The Star | 30 September 2015
Selling Canada out, one deal at a time
Gus Van Harten
Since winning his majority, Stephen Harper’s government has signed or finalized 23 new trade or investment deals.
The right trade agreements can create opportunities for Canada. But the Harper government has seemed more interested in getting lots of deals than in making sure each is good for Canada’s economy.
Of all the deals facing Canada, three are by far the most important. They are the Foreign Investment Promotion and Protection Agreement (FIPA) with China, the Comprehensive Economic and Trade Agreement (CETA) with Europe, and the U.S.-led trans-Pacific Partnership (TPP).
Considering the financial transfers they tend to create, a more precise name for these deals might be: A Locked-In Agreement to Transfer Public Money to Large Companies, Lawyers and Arbitrators.
The deal we know the most about is the FIPA with China. Of the big three, it is the only one that has been finalized.
Some details of the FIPA will illustrate my point that the government has been behaving like a salesperson who gets lots of orders by selling at a loss. For example:
1. The Harper government gave Chinese investors “market access” to Canada — meaning a right to buy what they want in our economy — without getting the same for Canadian investors in China.
That is the most lopsided concession I had ever seen by Canada or, for that matter, any other country across hundreds of similar agreements.
2. When he announced the FIPA, Harper said that a FIPA “ensures non-discriminatory treatment” for foreign investors. But the actual terms of the FIPA (Article 8(2)(a), to be exact) let China keep all its existing laws, policies, or practices that discriminate against Canadian investors.
No one could fact-check Harper’s misleading claim at the time because the text was kept secret for about eight months after he made it.
3. In the FIPA, the Harper government exposed Canada to potentially massive financial liabilities due to the generous protections it gives to foreign companies, including a right to seek uncapped amounts of compensation from governments directly before international tribunals.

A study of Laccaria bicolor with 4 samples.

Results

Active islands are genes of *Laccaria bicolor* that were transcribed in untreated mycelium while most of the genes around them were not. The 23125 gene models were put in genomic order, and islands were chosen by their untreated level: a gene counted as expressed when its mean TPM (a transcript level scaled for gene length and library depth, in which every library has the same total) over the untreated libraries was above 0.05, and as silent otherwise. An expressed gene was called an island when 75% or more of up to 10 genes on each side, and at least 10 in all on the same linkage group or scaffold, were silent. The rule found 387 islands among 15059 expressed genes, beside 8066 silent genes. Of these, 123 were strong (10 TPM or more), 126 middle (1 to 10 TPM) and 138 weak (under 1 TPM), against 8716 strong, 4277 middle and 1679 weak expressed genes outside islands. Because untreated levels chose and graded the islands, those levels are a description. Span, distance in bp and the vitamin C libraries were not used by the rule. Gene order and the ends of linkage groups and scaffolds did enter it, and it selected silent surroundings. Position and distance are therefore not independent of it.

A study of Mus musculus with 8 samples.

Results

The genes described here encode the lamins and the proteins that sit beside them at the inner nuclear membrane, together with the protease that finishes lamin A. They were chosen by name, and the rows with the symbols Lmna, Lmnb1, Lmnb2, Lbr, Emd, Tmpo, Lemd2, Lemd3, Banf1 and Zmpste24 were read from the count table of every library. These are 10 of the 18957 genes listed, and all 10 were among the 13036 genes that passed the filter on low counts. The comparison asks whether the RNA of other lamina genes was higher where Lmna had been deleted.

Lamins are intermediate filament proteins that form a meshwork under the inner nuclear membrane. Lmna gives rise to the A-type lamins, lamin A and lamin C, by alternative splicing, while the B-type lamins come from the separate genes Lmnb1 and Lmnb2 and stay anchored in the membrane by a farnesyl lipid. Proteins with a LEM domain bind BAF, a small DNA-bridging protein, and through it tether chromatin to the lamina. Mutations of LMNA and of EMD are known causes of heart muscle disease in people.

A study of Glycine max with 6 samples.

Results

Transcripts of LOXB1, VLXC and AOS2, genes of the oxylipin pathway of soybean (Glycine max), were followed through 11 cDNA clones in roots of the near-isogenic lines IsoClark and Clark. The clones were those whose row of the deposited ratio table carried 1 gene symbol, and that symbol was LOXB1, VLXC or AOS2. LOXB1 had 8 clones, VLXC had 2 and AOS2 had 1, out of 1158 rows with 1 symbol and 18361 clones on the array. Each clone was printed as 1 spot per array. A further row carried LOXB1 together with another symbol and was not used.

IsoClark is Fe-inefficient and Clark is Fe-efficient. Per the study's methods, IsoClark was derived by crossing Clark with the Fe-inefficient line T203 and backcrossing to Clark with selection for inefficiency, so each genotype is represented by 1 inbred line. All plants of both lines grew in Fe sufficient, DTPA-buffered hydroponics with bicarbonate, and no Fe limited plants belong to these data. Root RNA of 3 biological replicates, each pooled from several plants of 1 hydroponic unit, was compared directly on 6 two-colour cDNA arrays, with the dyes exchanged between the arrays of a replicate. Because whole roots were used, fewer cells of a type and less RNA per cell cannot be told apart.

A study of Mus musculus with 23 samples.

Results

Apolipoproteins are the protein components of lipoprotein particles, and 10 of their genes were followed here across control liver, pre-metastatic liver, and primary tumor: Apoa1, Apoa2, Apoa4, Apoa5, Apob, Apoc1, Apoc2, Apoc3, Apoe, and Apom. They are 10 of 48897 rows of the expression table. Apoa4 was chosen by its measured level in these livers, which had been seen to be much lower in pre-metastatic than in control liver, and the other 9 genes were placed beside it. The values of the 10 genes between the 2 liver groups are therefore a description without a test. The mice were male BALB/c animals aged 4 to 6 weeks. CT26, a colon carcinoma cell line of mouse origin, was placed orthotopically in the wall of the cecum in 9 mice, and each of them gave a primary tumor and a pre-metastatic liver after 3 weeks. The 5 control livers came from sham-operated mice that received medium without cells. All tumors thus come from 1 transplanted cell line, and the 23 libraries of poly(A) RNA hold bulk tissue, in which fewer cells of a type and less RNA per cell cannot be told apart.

The Mulroney government gave similar rights to U.S. companies in Canada under NAFTA. But NAFTA was concluded before anyone could predict the hundreds of costly claims brought by foreign companies against countries in the last 15 years.
Having looked closely at the FIPA, I also see cause for concern in the CETA and the TPP.
Harper was clearly desperate to finalize the CETA before the election. Several times he has announced it with fanfare. Yet, despite various concessions, he could not get it done in time. This is mostly because the Europeans looked closely at the deal’s generous protections for foreign investors and asked about the consequences for domestic courts, democracy, and public budgets.
There has been a similar debate in the United States over the TPP.
Worse, Harper is poised to compromise Canada’s dairy and auto industries in a bid to finish the TPP negotiations before the election. The Americans seem to have sensed his political vulnerability and played him to Canada’s expense.
My guess is that, if the TPP is concluded before the election, its text will be kept secret until after the election. Voters will not have a chance to learn from outside experts what the government gave up.
I wish I could be more positive about these long-term deals and their costs and benefits for Canada. The FIPA in particular is disheartening to think about because it has already been locked in, for decades.
Frankly, Harper strikes me as a true believer on “free trade.” True believers can look like born suckers when combing through the details after a tough negotiation.